Days after a Nigerian Army Colonel, Abu Ali was killed in an ambush by Boko Haram terrorists in Borno state, the Chief of Army Staff (COAS), General Yusuf Buratai, has revealed that eight and not four soldiers were killed last Friday.
Buratai’s statement contradicts an earlier insinuation that only four soldiers, including Colonel Ali were killed in the ambush. The Army Chief has also called for a close scrutiny of utterances of individuals and organizations in the country.
The COAS made the remarks on Monday when he appeared before the Senate Committee on the Federal Capital Territory (FCT) to explain the acquisition of some disputed plots of lands in the territory by the Army.
Though Buratai did not explain further, he said some responses and utterances by highly placed individuals in the country were posing serious threats to national security.
“The fight against Boko Haram is a matter of concern to us. What we are going to witness today will be an eye opener. Although we have had cases of officers killed, this time calls for closer scrutiny of responses by individuals and organizations to national security.
“We must take the issue of security seriously. That is the only way we can take the issue of bringing this insurgency to a close. We need the support of the Senate. We will not remain in this condition. We need to improve on our facilities.
“We need to relocate the headquarters of the current military office. The current location is not so convenient for us,” he said.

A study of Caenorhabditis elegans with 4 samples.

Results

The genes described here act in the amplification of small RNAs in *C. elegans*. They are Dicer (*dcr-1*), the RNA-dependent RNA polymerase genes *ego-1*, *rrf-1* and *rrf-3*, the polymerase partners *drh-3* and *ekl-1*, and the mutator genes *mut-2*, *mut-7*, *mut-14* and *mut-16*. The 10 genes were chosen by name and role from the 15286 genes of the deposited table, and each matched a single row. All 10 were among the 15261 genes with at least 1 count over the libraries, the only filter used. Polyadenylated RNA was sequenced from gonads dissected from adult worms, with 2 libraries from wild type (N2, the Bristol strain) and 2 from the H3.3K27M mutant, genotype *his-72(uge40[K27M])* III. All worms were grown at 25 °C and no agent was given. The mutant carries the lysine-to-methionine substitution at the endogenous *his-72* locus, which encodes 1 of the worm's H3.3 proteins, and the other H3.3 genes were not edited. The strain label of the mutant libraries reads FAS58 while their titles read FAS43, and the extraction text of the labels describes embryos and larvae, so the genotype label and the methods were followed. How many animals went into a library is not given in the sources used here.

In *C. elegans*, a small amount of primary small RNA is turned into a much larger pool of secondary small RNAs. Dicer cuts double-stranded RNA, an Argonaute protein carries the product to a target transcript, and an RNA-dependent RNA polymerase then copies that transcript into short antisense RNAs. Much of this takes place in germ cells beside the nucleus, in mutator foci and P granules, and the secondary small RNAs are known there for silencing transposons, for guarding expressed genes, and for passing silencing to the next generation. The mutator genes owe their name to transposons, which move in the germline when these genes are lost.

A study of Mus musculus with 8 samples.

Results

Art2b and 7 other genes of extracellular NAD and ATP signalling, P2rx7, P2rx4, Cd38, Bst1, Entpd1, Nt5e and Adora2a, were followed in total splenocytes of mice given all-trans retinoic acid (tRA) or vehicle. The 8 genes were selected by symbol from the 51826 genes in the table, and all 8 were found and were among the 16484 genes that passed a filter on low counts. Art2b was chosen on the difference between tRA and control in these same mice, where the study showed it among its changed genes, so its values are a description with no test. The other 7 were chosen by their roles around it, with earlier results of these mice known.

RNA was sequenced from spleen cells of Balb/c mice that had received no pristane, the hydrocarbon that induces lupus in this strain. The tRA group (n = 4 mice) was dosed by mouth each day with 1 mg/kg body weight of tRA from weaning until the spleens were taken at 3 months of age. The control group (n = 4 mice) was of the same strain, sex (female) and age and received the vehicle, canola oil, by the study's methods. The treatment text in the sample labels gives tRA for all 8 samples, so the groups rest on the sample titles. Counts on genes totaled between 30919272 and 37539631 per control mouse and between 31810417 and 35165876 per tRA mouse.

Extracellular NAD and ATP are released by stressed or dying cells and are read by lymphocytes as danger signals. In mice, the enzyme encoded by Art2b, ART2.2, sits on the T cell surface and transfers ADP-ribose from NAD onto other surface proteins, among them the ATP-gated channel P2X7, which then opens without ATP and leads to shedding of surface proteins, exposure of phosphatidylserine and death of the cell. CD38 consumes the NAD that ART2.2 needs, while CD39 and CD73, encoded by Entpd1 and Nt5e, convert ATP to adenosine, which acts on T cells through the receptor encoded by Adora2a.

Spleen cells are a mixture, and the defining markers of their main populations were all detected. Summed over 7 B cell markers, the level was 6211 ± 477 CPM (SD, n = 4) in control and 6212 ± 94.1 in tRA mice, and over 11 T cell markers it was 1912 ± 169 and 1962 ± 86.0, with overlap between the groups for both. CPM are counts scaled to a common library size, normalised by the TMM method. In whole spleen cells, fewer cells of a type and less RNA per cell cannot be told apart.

Buratai, while mourning the death of the fallen soldiers, vowed that the Army will continue to defend the territorial integrity of the country against internal and external attacks.
“We are pleased to hear all the condolences about the death of our soldiers. We have buried the gallant officer and six other officers at the National Military Cemetery. It is a service of sacrifice and we are ever ready to sacrifice our lives to bring peace and stability to our country. We want to appreciate our fallen soldiers.
“We want to assure that we will continue to safeguard this country against internal and external forces. We are ever ready to defend the country.
Speaking on the disputed land located in Maitama District of Abuja, the Army Chief said the allocation of the plots to civilians was posing serious security threats to military formations in Abuja.
He explained: “The land under dispute is posing security. If the committee visits the place, they will understand what we are talking about. We are ready to submit ourselves to the civil authorities. The issue at hand about the land in Maitama, I want to concur with the Minister of FCT. We are talking and we will continue to talk until we arrive at a decision.
“Members of the Army are citizens of FCT. We will remain law abiding. While we are carrying out our duties, we want to make something clear. Before anyone builds something close to a barrack, he or she needs to consider the security implications.”
Chairman of the committee, Senator Dino Melaye, told the Minister to ensure that residents who have already made payments were adequately compensated.
He stated: “We are representatives of the people. Some of the people given lands there are former military officers. I want to ask the Minister whether or not those who have made payments for land allocations will not lose anything they have invested. We need this assurance.”
Accusing the immediate-past FCT Minister of allocating lands wrongly, Melaye said: “If the land is sold to enemy forces, it can be used as a base to attack the military. It was very irresponsible for that land to have been allocated to private individuals. That land was allocated to the military in 1996. I do not know why they relocated the land to people.
“Bala Mohammed was allocating lands indiscriminately. The only place he did not allocate was the round about. It is a misnomer. I am saying this to avoid a repeat of this in the future.”